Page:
Torn paper showcasing “private and confidential”

Privacy Violations

Social media has become commonplace in organizations and how they run. As with anything, problems can arise. One of the most significant issues social media can have on a business is violations of HIPPA laws.

These violations can be seen when employees post private information on social media. Joy Hicks (2017) gives some examples of these instances, “an EMT took photos of a murder victim and posted it on social media, two nurses were discussing patients on social media, and a nurse posted about an alleged cop-killer she treated.”

There are cases where the organization can be fined, such as in the case of Elite Dental Associates, according to Maria Clark (2019), “the company responded on YELP with private health information. The organization was fined for a HIPAA violation. There are cases where the business is not fined, but they do take action against the employee that had performed the violation breach, such as that in the case of MUSC Health. An MUSC Health employee posted a photo of an infant patient to a social media platform that breaches HIPAA laws. There can be gray areas involved as well, such as in the case of a Roane County EMS worker posting on Facebook about the incident but didn’t provide the patient’s name or identifying information. Still, the fact it was unusual would have allowed people in the area to know who the patient was. The case was deemed not to be a HIPAA violation breach but was thought to be unprofessional or inappropriate regardless.”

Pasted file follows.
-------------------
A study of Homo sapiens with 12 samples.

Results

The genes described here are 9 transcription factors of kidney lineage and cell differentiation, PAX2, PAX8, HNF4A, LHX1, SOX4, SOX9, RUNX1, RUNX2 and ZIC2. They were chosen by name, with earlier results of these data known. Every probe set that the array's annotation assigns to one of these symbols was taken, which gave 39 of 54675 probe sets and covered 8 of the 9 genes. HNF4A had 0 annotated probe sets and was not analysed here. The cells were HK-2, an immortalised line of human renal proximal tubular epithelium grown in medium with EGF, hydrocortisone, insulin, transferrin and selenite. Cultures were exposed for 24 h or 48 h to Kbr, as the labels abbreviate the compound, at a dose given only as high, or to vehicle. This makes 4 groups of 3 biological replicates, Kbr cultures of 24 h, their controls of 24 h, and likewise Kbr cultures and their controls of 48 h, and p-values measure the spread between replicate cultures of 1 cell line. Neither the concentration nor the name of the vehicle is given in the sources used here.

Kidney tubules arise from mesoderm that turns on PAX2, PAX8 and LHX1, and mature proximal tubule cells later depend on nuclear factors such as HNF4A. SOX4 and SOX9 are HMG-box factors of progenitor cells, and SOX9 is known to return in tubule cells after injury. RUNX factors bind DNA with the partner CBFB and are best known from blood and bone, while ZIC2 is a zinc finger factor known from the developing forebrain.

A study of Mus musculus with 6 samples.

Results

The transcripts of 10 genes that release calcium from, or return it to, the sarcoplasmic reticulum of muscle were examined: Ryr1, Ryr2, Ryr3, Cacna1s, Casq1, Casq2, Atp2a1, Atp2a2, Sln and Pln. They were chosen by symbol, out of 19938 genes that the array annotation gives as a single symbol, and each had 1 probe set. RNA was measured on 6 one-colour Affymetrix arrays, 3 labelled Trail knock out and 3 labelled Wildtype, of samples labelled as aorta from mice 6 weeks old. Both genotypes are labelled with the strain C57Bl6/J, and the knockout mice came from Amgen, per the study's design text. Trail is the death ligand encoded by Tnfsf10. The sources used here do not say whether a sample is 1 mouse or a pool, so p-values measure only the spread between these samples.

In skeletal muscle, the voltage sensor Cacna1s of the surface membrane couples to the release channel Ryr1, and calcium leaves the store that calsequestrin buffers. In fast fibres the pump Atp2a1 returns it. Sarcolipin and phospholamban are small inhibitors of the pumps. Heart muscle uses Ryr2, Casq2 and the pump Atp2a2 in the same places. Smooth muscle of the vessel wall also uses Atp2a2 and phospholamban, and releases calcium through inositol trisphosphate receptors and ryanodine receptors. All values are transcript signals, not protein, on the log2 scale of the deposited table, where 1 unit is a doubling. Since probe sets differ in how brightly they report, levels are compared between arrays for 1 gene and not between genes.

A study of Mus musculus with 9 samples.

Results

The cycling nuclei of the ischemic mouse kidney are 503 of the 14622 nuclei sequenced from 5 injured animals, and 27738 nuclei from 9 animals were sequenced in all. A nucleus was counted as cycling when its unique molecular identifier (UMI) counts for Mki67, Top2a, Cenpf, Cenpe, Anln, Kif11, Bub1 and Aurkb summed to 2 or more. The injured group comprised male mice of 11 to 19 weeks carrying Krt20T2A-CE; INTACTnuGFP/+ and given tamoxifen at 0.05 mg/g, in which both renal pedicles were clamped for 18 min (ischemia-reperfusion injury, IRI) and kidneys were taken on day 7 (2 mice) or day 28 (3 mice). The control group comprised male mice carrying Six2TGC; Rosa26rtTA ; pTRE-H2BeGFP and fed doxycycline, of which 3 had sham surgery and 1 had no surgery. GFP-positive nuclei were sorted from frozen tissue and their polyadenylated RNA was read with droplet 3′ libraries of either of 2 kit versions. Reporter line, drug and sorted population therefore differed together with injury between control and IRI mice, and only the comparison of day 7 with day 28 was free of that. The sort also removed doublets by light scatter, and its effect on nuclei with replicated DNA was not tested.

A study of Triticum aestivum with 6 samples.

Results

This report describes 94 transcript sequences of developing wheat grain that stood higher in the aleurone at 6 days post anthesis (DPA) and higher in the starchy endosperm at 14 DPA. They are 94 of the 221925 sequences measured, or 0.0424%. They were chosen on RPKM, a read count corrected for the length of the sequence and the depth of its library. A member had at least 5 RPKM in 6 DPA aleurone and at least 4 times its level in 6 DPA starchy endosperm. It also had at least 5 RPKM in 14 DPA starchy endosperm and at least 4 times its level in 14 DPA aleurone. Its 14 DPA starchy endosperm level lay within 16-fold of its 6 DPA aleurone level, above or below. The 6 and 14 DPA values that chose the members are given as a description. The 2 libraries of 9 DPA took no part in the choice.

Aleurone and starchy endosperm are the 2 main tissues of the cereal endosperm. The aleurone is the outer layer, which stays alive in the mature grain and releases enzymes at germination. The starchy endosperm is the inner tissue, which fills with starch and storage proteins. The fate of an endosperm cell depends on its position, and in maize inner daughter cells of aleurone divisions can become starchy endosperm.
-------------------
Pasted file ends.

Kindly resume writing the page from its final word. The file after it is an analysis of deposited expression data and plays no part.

It is recommended that policies be put into place to help prevent these violations from occurring. Several things can be implemented, such as not allowing employees to have their cell phone devices or other recording devices on them while on the clock. Give mandatory training that goes over the policies and shows the employees various visual examples so that they can be aware of what violations may look like in text, social media, etc., and can be more aware of even the most subtle ones.

Considering the smallest violations can irreparably harm an organization, it is essential that they implement a zero-tolerance policy for any infraction and ensure the person responsible is suitably punished for it.

Meticulous records need to be maintained for any violation discovered so that the Office of Civil Rights can see that it has been documented, investigated internally, and appropriate actions have been taken. It is also vital to ensure that any information is not easily accessible by those not authorized to do so.

Access monitoring programs can be placed on all company electronic devices so that it can be easily discovered who has accessed what and when. Many steps can be taken to ensure no violations take place and seeking to find all that can be implemented will be beneficial.